CALLS by pupils to bring the voting age down to 16 have been welcomed by councillors during a public meeting.
Teenagers got the chance to witness democracy in action when St Hild’s Church of England School hosted a meeting of Hartlepool Borough Council’s cabinet committee.
Mayor Stuart Drummond took his cabinet to the school, in King Oswy Drive, to hear the results of different projects carried out by pupils.
As part of their citizenship work, Year 11 students have been looking at reducing the voting age from 18 to 16, parking problems, animal welfare issues and the work being done to promote Hartlepool.
Teenagers presented their findings before asking questions.
The Vote for 16 group, which included Lauren Thomson, Louise Moran, Zak Thornton and Baldeish Kaur, said 88 per cent of pupils they asked wanted to vote at 16 and asked cabinet for their views.
Labour Coun Pam Hargreaves said: “It is important you can challenge us if you don’t like the decisions we make.”
Independent Coun Hilary Thompson said: “We have a tremendous number of adults who don’t vote. There is no reason why young people should not have a vote at 16.”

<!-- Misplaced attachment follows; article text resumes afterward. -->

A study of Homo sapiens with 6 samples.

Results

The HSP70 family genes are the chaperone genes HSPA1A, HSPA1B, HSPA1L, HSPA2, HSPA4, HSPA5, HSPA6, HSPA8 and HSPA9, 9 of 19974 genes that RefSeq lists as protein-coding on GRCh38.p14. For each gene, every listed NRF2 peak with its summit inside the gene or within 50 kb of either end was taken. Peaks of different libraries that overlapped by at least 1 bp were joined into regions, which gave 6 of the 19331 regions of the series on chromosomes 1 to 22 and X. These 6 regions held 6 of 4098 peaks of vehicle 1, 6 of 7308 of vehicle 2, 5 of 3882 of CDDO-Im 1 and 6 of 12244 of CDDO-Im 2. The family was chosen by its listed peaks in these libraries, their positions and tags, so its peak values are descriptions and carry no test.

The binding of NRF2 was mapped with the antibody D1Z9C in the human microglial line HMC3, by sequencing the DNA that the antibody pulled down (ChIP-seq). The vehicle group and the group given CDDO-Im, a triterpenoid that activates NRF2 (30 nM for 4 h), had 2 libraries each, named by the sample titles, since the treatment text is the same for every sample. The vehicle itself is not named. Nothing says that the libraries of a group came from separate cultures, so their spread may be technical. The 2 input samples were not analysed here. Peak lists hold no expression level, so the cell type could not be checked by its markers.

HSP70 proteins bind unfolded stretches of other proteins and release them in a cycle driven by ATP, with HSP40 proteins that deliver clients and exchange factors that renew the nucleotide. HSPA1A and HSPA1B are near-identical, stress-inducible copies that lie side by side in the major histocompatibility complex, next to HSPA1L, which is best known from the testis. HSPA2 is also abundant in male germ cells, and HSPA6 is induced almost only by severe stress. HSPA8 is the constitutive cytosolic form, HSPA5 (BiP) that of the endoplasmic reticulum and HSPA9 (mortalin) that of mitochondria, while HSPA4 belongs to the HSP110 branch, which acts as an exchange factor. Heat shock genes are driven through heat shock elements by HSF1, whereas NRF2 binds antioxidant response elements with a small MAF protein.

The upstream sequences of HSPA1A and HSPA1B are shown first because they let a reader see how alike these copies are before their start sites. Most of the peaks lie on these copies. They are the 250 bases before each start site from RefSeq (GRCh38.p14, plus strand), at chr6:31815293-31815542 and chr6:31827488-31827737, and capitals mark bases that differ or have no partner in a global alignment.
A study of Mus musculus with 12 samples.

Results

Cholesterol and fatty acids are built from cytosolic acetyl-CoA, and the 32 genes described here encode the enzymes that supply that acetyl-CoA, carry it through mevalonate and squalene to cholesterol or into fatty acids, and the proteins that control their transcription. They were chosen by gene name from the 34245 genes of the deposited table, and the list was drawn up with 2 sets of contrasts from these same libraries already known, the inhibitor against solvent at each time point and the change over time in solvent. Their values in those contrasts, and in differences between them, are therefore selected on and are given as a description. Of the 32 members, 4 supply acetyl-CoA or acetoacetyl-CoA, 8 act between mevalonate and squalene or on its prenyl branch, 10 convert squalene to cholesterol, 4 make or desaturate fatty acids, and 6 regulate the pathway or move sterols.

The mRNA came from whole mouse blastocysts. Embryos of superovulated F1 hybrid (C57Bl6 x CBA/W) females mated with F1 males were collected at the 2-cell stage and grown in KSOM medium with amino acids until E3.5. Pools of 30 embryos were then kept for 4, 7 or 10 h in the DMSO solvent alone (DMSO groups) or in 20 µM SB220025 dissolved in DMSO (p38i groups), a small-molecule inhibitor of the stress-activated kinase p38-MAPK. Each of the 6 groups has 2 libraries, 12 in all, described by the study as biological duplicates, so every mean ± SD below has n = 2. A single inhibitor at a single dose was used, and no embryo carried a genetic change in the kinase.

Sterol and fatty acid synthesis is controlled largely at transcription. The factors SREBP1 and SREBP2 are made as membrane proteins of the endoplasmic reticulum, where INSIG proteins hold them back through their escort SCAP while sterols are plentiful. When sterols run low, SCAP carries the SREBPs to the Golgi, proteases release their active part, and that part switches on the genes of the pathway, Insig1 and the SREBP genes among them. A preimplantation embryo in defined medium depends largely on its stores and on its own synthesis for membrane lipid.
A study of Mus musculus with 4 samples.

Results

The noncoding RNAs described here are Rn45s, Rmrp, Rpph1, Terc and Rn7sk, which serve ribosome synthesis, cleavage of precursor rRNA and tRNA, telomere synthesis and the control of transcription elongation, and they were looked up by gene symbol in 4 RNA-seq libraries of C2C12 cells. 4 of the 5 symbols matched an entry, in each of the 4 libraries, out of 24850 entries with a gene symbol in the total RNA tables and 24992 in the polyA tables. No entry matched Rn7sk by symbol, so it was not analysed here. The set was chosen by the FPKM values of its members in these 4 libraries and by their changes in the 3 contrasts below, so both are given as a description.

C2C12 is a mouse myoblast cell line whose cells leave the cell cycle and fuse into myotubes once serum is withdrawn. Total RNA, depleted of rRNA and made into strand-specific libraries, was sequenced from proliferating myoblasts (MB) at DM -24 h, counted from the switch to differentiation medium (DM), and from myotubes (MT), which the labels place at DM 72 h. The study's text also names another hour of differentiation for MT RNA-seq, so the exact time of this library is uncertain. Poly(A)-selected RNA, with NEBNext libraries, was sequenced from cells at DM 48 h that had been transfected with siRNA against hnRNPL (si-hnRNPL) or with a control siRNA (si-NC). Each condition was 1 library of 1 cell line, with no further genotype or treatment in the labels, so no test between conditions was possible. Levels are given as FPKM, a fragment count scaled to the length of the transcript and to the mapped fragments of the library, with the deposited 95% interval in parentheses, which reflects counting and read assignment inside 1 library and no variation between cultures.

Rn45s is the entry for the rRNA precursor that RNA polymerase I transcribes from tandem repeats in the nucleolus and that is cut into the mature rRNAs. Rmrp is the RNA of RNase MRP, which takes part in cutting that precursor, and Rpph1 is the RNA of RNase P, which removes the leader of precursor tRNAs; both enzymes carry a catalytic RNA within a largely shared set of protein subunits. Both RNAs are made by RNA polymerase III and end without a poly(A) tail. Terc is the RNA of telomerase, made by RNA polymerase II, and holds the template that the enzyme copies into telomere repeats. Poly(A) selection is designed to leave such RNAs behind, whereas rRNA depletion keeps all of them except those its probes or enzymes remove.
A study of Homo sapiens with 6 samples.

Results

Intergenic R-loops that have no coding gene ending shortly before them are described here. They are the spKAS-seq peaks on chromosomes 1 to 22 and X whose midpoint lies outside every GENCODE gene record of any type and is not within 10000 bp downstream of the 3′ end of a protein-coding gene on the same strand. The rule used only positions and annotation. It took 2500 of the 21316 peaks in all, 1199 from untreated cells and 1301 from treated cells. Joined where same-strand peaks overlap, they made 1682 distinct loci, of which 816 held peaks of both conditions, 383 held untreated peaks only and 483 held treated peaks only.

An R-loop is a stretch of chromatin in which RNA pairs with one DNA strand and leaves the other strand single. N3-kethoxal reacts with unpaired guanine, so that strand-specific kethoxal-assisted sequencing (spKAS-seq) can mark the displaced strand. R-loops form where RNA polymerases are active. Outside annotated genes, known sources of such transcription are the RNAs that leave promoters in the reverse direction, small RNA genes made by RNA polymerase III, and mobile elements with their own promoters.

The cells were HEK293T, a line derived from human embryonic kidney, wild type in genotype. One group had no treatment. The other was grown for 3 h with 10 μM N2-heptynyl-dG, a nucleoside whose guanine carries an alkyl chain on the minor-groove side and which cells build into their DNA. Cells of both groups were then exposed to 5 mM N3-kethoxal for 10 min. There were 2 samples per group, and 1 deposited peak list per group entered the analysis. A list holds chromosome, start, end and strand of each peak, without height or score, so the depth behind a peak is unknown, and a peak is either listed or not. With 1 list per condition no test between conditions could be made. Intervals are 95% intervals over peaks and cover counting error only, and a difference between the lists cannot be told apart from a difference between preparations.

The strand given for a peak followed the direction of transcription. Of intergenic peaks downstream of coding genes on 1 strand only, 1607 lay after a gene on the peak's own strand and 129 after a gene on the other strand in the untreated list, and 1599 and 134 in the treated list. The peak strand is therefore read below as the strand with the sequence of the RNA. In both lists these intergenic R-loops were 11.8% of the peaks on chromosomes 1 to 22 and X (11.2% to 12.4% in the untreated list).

Meanwhile, Labour Coun Ged Hall added: “The enthusiasm of young people is quite a contrast to the apathy of a lot of older people.”
The King Oswy Drive Road Safety group, which included Toni Austwicke, Ashleigh Lister, Robyn Harrison and Rebecca Robinson, helped provide a car park area for parents to drop-off and pick-up children.
They touched on the council’s controversial camera car, introduced to improve road safety outside schools.
The pupils asked what the money collected from fining drivers is used for.
Dave Stubbs, the director of regeneration and neighbourhoods, said a total of £1m is collected from car parking and parking fines which is put towards the council’s budget.
Coun Hargreaves added: “The primary purpose of the car is to ensure safety.”
Youngsters also asked if money from the camera car could be used to reinstate axed bus services.
Councillors said the council cannot afford to pay bus subsidies.
Colin Reid, the school’s headteacher, said: “It was great for the pupils to see democracy in action.”
The Animal Rights project was made up of Megan Joyce, Janine Mitchell and Maddie Murphy and the Promoting Hartlepool group was made up of Bethany Byers, Alex Clark, Sophie Weatherill, Sian Sullivan and Victoria Fidgeon.